Should a company be able to shut down competition by asserting copyright in a collection of software commands? Tech giant Cisco Systems thinks so: it’s gone to court to try to prevent its competitor, Arista Networks, from building competing Ethernet switches that rely in part on commands Cisco argues it initially developed. Cisco lost the first round in a California district court, but it’s hoping for a better outcome from the Court of Appeals for the Federal Circuit.

As we explain in a brief we’ve submitted supporting Arista, Cisco is wrong. First, where the collection of commands in question is simply a group of standard, highly functional directives, arranged based on logic and industry standards, it shouldn’t be copyrightable at all. Second, any copyright that does exist must be sharply limited, as a matter of law and good practical policy. Without such limits, the software industries will find themselves embroiled in the same elaborate and expensive cross-licensing arrangements we see in the patent space and/or face an explosion of litigation. Either option will discourage innovation and competition.

So we were pleased last year when a jury found that Arista was not liable for copyright infringement based on a doctrine known as “scènes à faire.” Scènes à faire is a time-honored rule that prohibits copyright in materials that are too standard to really qualify as creative. For example, the expressive descriptions of Hogwarts—the shifting staircases, the talking paintings and so on—in J.K. Rowling’s Harry Potter books may be copyrightable, but not the idea that there would be a school for magicians. Similarly, the movie West Side Story might be copyrightable, but not the basic plot of star-crossed lovers affiliated with rival factions. Scènes à faire helps make sure that copyright can’t be used to monopolize ideas.

When it comes to computer programming and software, scènes à faire limits the ability of a copyright owner to claim copyright in basic programming elements. For example, scènes à faire prevented one company from claiming copyright infringement based on similarity between two programs’ organizational charts, as they were “simple and obvious” in light of the needs of the programs.

Here, as Arista notes in its own brief on appeal, the jury had plenty of reasons to find that any copying Arista did was noninfringing because the part copied was nothing more than what was basic and expected in the industry.  We agree. Moreover, as this case shows, strong copyright defenses, including scènes à faire, are vitally important for the thriving computer software industry, innovation, and competition. The jury got it right, and set a valuable decision in the process.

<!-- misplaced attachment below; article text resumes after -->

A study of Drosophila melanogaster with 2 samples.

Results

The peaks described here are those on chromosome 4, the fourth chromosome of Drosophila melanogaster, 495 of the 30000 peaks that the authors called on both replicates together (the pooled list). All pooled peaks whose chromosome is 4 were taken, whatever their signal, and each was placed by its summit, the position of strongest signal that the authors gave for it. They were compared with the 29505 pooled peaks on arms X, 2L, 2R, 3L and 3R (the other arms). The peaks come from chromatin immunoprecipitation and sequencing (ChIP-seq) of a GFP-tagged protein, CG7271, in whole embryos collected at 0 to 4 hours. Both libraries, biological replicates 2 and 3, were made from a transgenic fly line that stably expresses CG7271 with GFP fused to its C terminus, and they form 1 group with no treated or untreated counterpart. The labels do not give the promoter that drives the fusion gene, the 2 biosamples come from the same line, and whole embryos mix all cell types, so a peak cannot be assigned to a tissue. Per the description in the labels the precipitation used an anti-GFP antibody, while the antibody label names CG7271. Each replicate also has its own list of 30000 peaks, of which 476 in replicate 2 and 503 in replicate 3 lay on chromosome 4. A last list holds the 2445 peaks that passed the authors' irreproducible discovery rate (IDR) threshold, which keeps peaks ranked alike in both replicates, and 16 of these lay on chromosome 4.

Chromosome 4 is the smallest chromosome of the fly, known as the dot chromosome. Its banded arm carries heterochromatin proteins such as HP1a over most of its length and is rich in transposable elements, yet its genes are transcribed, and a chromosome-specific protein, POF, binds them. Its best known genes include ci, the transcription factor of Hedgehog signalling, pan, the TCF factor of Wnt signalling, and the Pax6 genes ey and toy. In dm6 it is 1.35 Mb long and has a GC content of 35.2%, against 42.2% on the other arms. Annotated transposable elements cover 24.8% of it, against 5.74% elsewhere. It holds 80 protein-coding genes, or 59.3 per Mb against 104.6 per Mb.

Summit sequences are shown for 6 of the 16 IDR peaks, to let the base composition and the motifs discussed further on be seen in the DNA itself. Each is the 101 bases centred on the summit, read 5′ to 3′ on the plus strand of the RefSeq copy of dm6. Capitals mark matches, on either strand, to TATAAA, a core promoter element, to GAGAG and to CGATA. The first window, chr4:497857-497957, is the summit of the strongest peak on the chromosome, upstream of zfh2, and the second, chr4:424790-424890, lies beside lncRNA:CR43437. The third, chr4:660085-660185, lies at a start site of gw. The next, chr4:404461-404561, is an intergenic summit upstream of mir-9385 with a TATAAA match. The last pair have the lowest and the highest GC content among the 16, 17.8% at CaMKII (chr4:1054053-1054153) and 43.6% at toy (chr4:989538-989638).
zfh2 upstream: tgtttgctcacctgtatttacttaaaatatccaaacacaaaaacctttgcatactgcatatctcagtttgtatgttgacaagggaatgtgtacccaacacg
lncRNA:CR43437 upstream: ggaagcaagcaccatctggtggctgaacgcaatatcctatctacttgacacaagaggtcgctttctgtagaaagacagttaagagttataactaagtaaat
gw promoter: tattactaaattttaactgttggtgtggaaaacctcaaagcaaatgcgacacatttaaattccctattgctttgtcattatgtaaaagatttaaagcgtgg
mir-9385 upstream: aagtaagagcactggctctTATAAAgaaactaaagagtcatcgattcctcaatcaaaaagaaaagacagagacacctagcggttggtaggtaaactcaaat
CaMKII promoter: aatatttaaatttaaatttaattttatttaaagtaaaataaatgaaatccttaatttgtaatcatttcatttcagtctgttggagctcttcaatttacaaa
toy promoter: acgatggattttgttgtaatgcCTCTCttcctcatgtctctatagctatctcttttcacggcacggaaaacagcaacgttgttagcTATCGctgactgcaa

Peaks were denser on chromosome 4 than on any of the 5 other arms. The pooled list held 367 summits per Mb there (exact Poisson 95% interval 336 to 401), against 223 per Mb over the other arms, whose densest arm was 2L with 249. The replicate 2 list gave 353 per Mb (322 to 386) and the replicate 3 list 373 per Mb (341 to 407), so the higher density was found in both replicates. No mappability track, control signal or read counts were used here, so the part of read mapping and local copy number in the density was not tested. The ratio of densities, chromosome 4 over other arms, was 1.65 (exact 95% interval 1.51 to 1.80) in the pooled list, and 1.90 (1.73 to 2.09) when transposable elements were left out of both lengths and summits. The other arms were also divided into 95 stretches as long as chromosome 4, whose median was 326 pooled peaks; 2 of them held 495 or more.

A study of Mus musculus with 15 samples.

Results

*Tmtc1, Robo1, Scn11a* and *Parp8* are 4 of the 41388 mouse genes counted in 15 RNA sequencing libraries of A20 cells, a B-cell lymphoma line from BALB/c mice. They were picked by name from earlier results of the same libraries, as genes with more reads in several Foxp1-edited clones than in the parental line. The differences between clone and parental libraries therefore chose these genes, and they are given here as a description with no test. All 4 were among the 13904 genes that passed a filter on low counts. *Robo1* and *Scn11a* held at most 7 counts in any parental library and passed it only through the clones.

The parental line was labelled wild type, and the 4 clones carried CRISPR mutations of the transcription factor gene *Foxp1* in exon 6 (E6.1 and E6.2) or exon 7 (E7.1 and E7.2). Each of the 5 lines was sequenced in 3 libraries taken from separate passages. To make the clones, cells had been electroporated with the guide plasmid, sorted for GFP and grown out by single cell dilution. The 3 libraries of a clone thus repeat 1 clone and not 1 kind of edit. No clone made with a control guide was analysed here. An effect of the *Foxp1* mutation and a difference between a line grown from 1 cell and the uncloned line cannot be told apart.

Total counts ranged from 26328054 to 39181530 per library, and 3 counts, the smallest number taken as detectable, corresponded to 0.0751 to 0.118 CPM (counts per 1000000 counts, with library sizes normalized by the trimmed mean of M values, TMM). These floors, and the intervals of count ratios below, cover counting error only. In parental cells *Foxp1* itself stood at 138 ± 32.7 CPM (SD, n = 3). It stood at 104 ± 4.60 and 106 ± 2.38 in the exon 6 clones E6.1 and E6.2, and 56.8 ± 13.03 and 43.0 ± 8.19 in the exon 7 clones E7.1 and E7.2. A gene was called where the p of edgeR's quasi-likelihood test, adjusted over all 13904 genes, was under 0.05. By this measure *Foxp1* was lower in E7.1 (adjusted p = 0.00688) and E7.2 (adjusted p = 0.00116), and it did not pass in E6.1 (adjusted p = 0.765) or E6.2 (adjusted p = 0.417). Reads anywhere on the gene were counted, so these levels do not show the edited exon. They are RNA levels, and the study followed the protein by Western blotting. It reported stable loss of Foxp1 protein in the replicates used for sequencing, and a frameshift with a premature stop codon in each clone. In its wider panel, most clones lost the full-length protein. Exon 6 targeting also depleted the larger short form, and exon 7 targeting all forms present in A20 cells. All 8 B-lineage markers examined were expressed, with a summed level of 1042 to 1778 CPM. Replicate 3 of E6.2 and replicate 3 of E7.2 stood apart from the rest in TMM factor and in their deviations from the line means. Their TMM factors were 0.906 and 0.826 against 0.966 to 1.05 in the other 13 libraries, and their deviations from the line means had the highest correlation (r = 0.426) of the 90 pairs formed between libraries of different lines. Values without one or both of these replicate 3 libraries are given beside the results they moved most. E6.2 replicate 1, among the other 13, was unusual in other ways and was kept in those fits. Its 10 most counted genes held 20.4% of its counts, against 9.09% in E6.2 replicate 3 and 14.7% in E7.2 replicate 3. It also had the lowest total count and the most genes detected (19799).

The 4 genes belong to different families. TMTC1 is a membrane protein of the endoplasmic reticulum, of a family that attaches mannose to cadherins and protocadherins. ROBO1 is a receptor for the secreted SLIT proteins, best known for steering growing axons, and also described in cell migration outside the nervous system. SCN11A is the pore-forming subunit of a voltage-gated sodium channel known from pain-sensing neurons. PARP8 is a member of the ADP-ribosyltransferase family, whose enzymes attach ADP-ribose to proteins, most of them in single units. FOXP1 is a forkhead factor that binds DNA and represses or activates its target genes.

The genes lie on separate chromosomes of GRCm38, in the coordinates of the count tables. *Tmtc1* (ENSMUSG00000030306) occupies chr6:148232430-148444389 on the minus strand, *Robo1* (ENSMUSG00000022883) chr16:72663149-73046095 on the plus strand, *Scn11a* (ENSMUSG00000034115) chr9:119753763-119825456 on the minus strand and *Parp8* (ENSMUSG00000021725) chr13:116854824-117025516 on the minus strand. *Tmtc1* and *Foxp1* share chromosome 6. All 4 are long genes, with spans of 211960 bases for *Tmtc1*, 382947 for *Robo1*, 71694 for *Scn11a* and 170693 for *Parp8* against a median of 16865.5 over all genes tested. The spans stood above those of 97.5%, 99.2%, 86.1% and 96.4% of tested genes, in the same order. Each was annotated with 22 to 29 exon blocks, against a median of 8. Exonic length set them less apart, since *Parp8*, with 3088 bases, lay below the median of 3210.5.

That said, this case should never have gone to trial, and it wouldn’t have if the Federal Circuit hadn’t made a fundamental mistake in 2014 in a different case:  Oracle v. Google.

Some background is necessary here: The Federal Circuit normally doesn’t hear copyright cases, and was only hearing the Oracle case because of a quirk in patent law. (Because of the same quirk, that court will decide Cisco v. Arista.) Since the issues in Oracle did not relate to patent law, the Federal Circuit was required to follow law from the Ninth Circuit Court of Appeals. In deciding Oracle, the court considered whether under Ninth Circuit law, the section of the Copyright Act that forbids copyright protection of ideas, processes, systems, and similar concepts meant that the Java APIs were not copyrightable. In finding that the APIs were entitled to protection, the Oracle court based its decision on the belief that the Ninth Circuit would find the APIs copyrightable, because there was more than one way to express them.

However, since the Oracle decision, the Ninth Circuit decided a case about copyright in Bikram yoga poses. In the Bikram’s Yoga case, the Ninth Circuit applied the same section of the Copyright Act as in Oracle. But unlike the Federal Circuit, the Ninth Circuit determined that a “sequence” of 26 yoga poses and two breathing exercises, performed in a particular order, was not subject to copyright protection, even though there were multiple ways to sequence the poses. And if a system of yoga poses isn’t copyrightable, then a system of APIs for operating a computer program definitely isn’t. The Federal Circuit misunderstood Ninth Circuit law, and it should use this new case as a chance to fix that mistake.

Amicus briefs in support of Arista were also submitted by Professor Pam Samuelson; Public Knowledge; CCIA (along with the American Antitrust Institute); and GitHub, Inc. (along with Mozilla Corp., Engine Advocacy, and Software Freedom Conservancy). Mathworks, SAS, Oracle, and others submitted a brief in support of Cisco.